American Heart Association Meeting Report

American Heart AssociationNew Orleans, LACPR increases the chance of survival after sudden cardiac arrest, yet knowledge of this life-saving procedure is low in many communities, especially among older adults, according to separate studies presented during the Resuscitation Science Symposium at the American Heart Association’s Scientific Sessions 2016.

Hands On CPR. (American Heart Association)
Hands On CPR. (American Heart Association)

In two studies – one in the United States and the other in Denmark – older adults emerged as an overlooked demographic and a target area for improved CPR training. Immediate CPR can double or triple chances of survival after sudden cardiac arrest.

In the American study (Presentation18), a random digit dial telephone survey of 9,022 respondents age 18 and older found that only 18 percent reported that they were currently trained in CPR delivery – via either conventional CPR or chest compression-only approaches.

About 65 percent said they had received CPR training at some point.

According to the survey:

  • Higher education level was linked with a 43 percent increased likelihood of ever being CPR-trained.
  • Higher household income was l with a 7 percent increased likelihood of ever being CPR-trained.
  • Compared to younger adults, those age 50 and older were 50 percent less likely to be CPR trained.
  • In fact, there was a steep drop in the likelihood of having CPR training after age 50.

“Cardiac arrest occurs among people in their 50s and 60s, and most cardiac arrests occur in the home, yet that is the population that is poorly trained or has not kept up with current training,” said Benjamin Abella, M.D., M.Phil., senior study author and director of the University of Penn’s Center for Resuscitation Science and an associated professor of Emergency Medicine in the Perelman School of Medicine in Philadelphia.  

“If we expect one of the key links in the chain of survival to be the bystander response, including the use of automatic external defibrillators and the delivery of CPR, then we really need to better understand what gets bystanders to act, what gets bystanders to learn and refresh their CPR skills and the current ways to seek training in any given community,” he said.

In the Denmark analysis (Presentation 229), 99 questionnaire responses from adults over 65 years old, found reluctance among the elderly to perform CPR. The biggest barriers were lack of knowledge and a fear of doing harm to the person under cardiac arrest.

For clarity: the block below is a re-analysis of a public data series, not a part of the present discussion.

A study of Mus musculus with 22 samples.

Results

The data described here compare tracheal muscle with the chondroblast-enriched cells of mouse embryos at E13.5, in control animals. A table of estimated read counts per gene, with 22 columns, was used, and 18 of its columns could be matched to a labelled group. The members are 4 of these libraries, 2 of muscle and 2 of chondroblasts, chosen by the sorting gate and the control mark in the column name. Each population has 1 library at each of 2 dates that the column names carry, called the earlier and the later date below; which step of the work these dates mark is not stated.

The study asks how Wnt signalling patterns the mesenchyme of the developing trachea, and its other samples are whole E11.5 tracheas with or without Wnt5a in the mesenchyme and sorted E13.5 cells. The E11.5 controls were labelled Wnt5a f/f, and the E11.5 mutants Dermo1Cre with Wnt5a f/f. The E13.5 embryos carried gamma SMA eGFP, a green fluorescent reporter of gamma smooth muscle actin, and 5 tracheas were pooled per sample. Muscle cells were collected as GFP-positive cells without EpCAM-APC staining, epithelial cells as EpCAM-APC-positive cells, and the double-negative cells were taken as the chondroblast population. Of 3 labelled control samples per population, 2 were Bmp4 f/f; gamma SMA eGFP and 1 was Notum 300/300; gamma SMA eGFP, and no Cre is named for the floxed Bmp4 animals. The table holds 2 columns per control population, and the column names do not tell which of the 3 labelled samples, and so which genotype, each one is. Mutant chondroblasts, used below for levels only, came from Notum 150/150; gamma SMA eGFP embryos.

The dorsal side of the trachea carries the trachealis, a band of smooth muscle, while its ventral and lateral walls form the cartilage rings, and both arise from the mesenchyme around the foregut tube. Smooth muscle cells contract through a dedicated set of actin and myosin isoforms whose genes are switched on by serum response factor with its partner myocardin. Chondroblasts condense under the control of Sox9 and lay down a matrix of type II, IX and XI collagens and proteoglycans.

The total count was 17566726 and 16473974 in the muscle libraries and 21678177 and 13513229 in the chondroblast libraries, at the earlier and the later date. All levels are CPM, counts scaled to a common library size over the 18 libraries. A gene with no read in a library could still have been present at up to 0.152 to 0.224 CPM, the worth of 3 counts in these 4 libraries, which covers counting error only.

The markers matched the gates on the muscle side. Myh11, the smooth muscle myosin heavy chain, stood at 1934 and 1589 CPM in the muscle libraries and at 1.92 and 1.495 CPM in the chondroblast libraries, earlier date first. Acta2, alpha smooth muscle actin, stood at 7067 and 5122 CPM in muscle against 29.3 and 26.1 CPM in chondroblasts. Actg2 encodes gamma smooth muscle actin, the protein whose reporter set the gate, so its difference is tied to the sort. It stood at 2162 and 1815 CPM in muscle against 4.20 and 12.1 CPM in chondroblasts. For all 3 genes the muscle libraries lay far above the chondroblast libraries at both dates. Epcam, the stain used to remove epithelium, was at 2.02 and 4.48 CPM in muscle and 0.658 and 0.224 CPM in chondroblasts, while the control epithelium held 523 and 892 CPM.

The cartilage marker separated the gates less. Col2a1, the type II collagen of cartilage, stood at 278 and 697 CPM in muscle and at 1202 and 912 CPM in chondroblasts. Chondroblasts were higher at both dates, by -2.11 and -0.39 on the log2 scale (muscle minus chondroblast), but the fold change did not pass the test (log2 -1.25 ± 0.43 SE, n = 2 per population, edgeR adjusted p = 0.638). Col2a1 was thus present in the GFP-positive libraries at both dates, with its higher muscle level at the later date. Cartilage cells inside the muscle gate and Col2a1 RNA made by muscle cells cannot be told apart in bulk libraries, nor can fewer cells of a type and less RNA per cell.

If they witnessed a cardiac arrest:

  • 85 percent of respondents said they would be willing to call the Emergency Medical Services (EMS);
  • 35 percent would provide rescue breaths;
  • 36 percent would give chest compressions;
  • 35 percent would use an automated external defibrillator (AED); and
  • only 15 percent said that they would be willing to do all of the above.

“We do believe there needs to be a special focus on the elderly,” said Lise Qvirin Krogh, lead study author and research fellow at Arhus University Hospital’s Research Center for Emergency Medicine in Denmark. “Calling the EMS is a very big step in the right direction, but they can help the victim much more by also starting CPR.”

The study sample was small and the data was collected from members of leisure clubs who may be more active than the general elderly population, Krogh said. But the research is a start in identifying areas to improve the quality of bystander delivery of CPR among elderly. 

“It was surprising that among these respondents it was only about 35 percent who would actually start CPR,” she said. “The willingness to perform CPR is very dependent on the knowledge about CPR. With this study we can get closer to strategies to increase the knowledge about CPR and focus CPR training among the elderly.”

Co-authors of the U.S. research are Audrey Blewer, M.P.H.; Marion Leary, M.S.N., R.N.; David Dutwin, Ph.D.; Said Ibrahim, M.D.; Bryan McNally, M.D.; Monique Anderson, M.D. and Laurie Morrison, M.D.

Co-authors of the Denmark research are Mette Nebsbjerg, M.D.; Stinne Rasmussen, M.D.; Katrine Bjørnshave, M.D.; Kristian Krogh, M.D., Ph.D.; Jonas Poulsen, M.D. Ph.D.; and Bo Løfgren, M.D., Ph.D.  

Author disclosures are on the abstract.

The U.S. study was partially funded by a grant from the American Heart Association, the National Heart Lung, and Blood Institute.